A beautiful paradise where life is easy, food is cheap, and the people are friendly right?
Over time, the land of smiles has turned into the land with the best smiles money can buy. The hordes of tourists and expats descending upon Thailand for the last 15 years has radically changed many of the things that used to so enchant people. It’s not the Thai’s fault. It’s inevitable and it eventually happens to every popular destination.
Food and beer that was once cheap, has become increasingly expensive; as has the rent in popular destinations. Land ownership is impossible, long-term visas are becoming more difficult to obtain, and there has been ongoing political issues since 2007.
These days, more and more foreign expats living in Thailand are picking up stake and looking for greener pastures. They are noticing many of the neighboring countries have laxer visa regulations or better business and investment opportunities.
Why the Expats are Leaving Thailand
While it was once relatively easy to stay in Thailand for long periods of time, these days they are continually making it more and more difficult. Most younger expats used to just stay in Thailand on short-term visas and make a quick border run (or sometimes even use a service without them ever having to leave the comfort of their own homes) every thirty days to renew. This is no longer an option as the Thai government has since taken to only giving 15 day visas when entering overland and, even more recently, has stopped allowing more than one overland entry without a valid reason. The time of quick border runs in Thailand has come to an end.
There are a few options available for long-term visas but they are generally reserved for retired or semi-retired people over the age of 50 with proof of funds, foreigners married to locals, students, and foreigners hired to work for Thai companies. This is a useful resource to learn all the details about long-term Thai visa options.
Limited Income Potential
Another big issue for many expats living in Thailand is the limited earning potential they face and the inability to own full rights to their business or land. Most expats find it extremely difficult to find any kind of gainful employment other than teaching English, which barely pays living wages. Whether it be from lack of Thai language skills, biased hiring policies, or lack of jobs in an expats chosen area; most expats turn to the option of starting their own business.
One of the initial problems with owning and operating a business in Thailand is that, as a foreigner, you cannot own more than 49 percent of your business, and in some cases 39%. The same goes for your home or land. This is a big sticking point because if you ever have a problem with your Thai partner, you basically have no rights in the Thai courts.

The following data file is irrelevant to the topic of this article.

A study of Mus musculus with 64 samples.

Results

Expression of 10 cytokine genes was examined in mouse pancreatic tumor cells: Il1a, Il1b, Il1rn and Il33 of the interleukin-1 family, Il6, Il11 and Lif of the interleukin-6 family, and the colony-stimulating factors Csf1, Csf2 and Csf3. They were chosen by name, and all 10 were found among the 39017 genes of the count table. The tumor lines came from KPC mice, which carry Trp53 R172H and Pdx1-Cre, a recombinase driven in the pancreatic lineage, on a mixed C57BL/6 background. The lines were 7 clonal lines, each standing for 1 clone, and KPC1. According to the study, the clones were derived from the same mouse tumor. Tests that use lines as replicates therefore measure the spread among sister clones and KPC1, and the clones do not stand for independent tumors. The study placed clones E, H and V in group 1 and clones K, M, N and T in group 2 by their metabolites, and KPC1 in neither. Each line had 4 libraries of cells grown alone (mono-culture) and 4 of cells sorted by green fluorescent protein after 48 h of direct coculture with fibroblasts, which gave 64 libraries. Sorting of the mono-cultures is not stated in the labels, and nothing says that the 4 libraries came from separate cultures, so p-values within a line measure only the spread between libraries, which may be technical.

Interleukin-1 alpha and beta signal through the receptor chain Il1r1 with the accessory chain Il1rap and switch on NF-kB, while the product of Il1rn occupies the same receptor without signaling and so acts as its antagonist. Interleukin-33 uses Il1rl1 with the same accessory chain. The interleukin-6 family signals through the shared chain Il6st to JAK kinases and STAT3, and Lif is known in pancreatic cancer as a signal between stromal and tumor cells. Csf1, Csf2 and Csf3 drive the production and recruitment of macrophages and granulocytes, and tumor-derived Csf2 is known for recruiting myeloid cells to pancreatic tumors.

Not a lot needs to be said about the current political landscape in Thailand. Just pick up an international newspaper or do a quick search online. Nobody wants to live in a place that could potentially erupt into civil war at a moment’s notice. Somehow it just doesn’t make for the best night’s sleep. Thailand has been experiencing political turmoil since 2007. If you have been entertaining even the slightest thought of moving to Thailand you should already be aware of what’s going on, if not, you better start reading up. Unfortunately, there doesn’t seem to be any immediate end to Thailand’s political issues. I’m no political science major, but even I know martial law ain’t a good thing.
Rising Cost of Living
While once Thailand was a place where life was cheap and expats could live comfortably on modest salaries or savings, this is no longer true. Over the last ten years, Thailand’s cost of living has been rising at an alarming rate. Rent in many of the popular expat areas is inching closer and closer to prices you might find in the US. Beers cost $2 or $3 now instead of $0.50 or a buck. Food gets more and more expensive every day. Gone are the days of living for $1,000 a month in Phuket or Pattaya. These days, you are probably struggling if you don’t have at least $2,000 or more.
Lured by Neighboring Countries
When comparing Thailand to some of its neighboring countries, it gets easier and easier to see why the expats are leaving. Take for example Cambodia’s lax visa regulations. One year, multiple-entry business visas can be obtained by just about anybody for a nominal cost of $250. Malaysia is also another promising option where foreigners can own 100% or their land, home, and business.
Unless Thailand starts welcoming expats with open arms again, it may soon find itself with very few left calling it home.